Johnson sits in the driver...
Johnson sits in the driver seat of the “Rebel Car,” which is now owned by Mike Yager. Standing (from left) are Doug Bergen, retired GM engineer Gib Hufstader, and Corvette restorer Kevin Mackay.
Remembering "Marietta" Bob Johnson
Legendary Corvette racer Robert D. "Marietta Bob" Johnson died on May 7, at the age of 85. Johnson graduated from Oklahoma State University with a degree in engineering and served in the U.S. Navy during World War II. After the war he became a successful businessman, and was eventually appointed president of the First Colony Corporation. Johnson began racing Corvettes at the age of 37, thanks to encouragement from his close friend Doug Bergen. Bergen owned a '66 big-block Corvette that he had personally prepared to compete in the SCCA's A Production category. He needed a full-time driver and thought his buddy Johnson (whose sobriquet can be traced to his hometown of Marietta, Ohio) was the perfect choice. There was just one problem: Johnson had no racing experience. Bergen asked another friend--also named Bob Johnson, strangely, but hailing from Columbus--to train Marietta Bob in competition driving. Columbus Bob agreed, and it didn't take long for his protégé to become competitive. Marietta Bob finished Fifth in the 1967 A Production finals at Daytona.
After a successful stint in a '68 L88 Corvette, also owned by Bergen, Marietta Bob Johnson joined a Corvette team owned by Or Costanzo from Tampa, Florida. The team, whose members included this author, campaigned a '69 L88 Vette. At the 1971 24 Hours of Daytona, Johnson, Dave Heinz, and Costanzo piloted the car to Sixth overall and Second in GT. In 1972 new owner Toye English renamed the team Race Engineering & Development (RED) and repainted the Corvette to look like a Confederate flag. He did this to poke fun at John Greenwood's famous American-flag paint scheme. The tactic must have worked, as the "Rebel Car" won the GT category at the 1972 six-hour race at Daytona, then finished Fourth overall/First in GT at the 12 Hours of Sebring. RED next went to the 24 Hours of Le Mans and finished a creditable 15th overall at the classic endurance race.
After a one-year stint with the Greenwood team in 1973, Johnson retired from racing and rejoined the business community. Thanks to Kevin Mackay, owner of Corvette Repair, Johnson rejoined the Corvette hobby at the Bloomington Gold show in 1992. Mackay had restored the Rebel Car, and he invited Johnson to witness its unveiling. I'll never forget the look on Johnson's face when he climbed into No. 57 for the first time in two decades. Tears streamed down his face as he sat in the driver seat, reliving past racing memories in the old warrior. Mackay made this Corvette-racing legend very happy that day, and all of us who knew him were grateful. Rest in peace, my friend; you will be forever missed. --Walt Thurn
Corvettes at Carlisle Wants You--to Win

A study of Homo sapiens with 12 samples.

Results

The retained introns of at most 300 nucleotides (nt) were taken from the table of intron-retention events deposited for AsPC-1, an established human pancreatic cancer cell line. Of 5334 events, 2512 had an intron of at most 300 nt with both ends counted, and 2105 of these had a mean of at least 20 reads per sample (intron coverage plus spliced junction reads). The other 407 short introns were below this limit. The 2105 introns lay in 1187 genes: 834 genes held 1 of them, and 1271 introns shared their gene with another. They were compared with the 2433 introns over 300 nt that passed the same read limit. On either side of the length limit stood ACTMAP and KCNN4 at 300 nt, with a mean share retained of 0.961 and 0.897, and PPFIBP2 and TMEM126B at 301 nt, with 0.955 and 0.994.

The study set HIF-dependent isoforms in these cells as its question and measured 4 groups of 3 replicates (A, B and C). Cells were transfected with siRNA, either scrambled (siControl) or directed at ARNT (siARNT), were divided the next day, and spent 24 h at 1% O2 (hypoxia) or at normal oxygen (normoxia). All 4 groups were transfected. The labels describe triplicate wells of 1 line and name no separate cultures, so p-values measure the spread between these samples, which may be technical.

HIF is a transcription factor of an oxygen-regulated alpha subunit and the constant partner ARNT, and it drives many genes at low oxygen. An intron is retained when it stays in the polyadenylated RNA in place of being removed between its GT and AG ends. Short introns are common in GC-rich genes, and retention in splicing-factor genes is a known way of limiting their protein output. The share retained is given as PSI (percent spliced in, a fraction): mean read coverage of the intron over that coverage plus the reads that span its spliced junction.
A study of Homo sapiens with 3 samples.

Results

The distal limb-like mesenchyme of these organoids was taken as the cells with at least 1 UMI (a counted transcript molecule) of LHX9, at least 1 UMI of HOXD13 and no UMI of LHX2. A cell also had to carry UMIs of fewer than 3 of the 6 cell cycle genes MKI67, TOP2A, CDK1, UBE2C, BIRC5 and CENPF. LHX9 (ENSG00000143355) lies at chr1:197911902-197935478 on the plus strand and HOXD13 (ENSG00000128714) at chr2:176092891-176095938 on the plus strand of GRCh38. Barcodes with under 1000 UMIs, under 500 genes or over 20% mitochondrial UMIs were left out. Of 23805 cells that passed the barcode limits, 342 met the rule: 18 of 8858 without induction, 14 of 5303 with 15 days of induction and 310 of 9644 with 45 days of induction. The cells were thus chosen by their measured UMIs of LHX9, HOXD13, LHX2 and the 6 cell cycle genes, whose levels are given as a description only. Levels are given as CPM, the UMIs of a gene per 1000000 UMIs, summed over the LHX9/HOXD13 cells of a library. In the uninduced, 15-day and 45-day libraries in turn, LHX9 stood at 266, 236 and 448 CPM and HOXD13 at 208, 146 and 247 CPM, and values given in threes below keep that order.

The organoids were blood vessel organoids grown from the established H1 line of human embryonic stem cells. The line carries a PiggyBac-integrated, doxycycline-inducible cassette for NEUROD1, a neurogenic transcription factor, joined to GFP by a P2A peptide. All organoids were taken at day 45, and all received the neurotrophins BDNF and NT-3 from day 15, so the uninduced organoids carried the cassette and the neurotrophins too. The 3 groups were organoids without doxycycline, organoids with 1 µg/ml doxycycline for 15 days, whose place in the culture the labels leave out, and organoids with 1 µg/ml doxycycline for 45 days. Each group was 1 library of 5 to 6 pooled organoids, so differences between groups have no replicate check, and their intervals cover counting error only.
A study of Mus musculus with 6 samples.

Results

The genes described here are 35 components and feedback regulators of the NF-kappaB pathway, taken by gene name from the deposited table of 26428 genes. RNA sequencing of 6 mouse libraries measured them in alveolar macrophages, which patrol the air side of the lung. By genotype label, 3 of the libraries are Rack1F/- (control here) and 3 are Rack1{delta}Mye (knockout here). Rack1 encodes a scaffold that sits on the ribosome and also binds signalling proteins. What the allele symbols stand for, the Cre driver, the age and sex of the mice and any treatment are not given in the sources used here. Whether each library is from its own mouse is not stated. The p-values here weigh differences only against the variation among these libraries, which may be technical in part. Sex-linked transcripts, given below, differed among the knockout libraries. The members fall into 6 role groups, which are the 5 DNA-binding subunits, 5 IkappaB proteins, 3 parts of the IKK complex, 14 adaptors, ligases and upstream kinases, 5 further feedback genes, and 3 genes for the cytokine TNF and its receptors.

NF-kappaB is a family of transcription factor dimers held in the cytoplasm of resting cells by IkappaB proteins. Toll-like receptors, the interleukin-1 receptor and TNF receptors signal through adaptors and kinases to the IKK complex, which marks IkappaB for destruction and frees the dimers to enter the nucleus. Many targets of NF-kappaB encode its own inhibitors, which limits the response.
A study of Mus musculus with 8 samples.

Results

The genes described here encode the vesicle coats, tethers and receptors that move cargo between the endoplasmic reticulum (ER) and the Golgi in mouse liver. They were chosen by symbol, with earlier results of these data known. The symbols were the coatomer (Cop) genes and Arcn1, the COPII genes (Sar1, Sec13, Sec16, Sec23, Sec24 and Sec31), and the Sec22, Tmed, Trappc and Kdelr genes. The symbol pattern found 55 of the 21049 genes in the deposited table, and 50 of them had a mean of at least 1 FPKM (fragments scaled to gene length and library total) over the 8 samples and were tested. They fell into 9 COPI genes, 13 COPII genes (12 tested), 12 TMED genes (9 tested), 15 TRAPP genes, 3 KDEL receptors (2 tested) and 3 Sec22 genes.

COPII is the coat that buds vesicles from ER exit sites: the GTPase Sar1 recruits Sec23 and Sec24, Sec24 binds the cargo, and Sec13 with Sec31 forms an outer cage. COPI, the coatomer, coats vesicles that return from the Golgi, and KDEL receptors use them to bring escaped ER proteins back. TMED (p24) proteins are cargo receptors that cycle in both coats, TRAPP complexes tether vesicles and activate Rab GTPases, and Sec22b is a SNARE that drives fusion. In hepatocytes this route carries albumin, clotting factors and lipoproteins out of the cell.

Mark your calendars for August 24-26, 2012, when Corvettes at Carlisle will transform the Carlisle (Pennsylvania) Fairgrounds into a Corvette wonderland. This year the show's organizers, in conjunction with AllVette.net, will also make one Corvette fan's dream come true by giving away a 24,000-mile '98 C5 coupe. The Vette--which carried an original MSRP of $43,019--features a Sebring Silver Metallic exterior, a black leather interior, a six-speed manual transmission, and a long list of comfort and convenience options. And while its original GM warranty has long since expired, this modern classic comes backed by a 90-day/5,000-mile powertrain coverage. Registration will take place both online and onsite via the registration kiosks located in the new Carlisle Events Guest Services building. Attendance is not required to win, and the winner need not be present. For more information on the giveaway and the show itself, visit www.carlisle events.com.
ZR1 Paces Indy 500
A '13 ZR1 led the starting field of the 96th Indianapolis 500 to the green flag Sunday, May 27, at the Indianapolis Motor Speedway. The car was the most powerful production vehicle ever to pace the race. "Corvette embodies pure performance, so the ZR1 was a perfect car to pace the most prestigious auto race in the world," said Indianapolis Motor Speedway Corporation President and CEO Jeff Belskus. "Chevrolet is a great partner of the Speedway, and we share in the excitement of the upcoming 60th anniversary of the iconic Corvette brand."
America's Favorite Sports-Car Art
Longtime VETTE contributor K. Scott Teeters has partnered with FineArtAmerica.com to offer buyers a choice of Corvette art prints in sizes from small to very large. FineArtAmerica.com will also professionally matte and frame the prints. "Prints can be custom made on archival paper, glossy or semi-matte photo paper, watercolor paper, or canvas," Teeters says. "There are over 100 colors of matte paper and dozens of frame styles. When you're done selecting your print and frame, your picture is professionally assembled, packed, and sent to you, ready to be hung." Teeters is also introducing two new print configurations: a square format (in sizes ranging from 8x8-inches to 48x48-inches) and a 1x3-ratio format (in sizes from 8x2.63-inches to 48x16-inches). These choices allow buyers to purchase horizontal and vertical layouts of his color Pace Cars, Special Editions, and Corvette Stingray Concept car, as well as a new series of diazo blueprint-style prints. Prints of Corvette engines from the Blue Flame Six through the LS9 are also available as individual prints or in a tribute montage. Prices start at $30 and vary depending on size, paper, and framing. For more information, visit www.kscottteeterscarart.artistwebsites.com.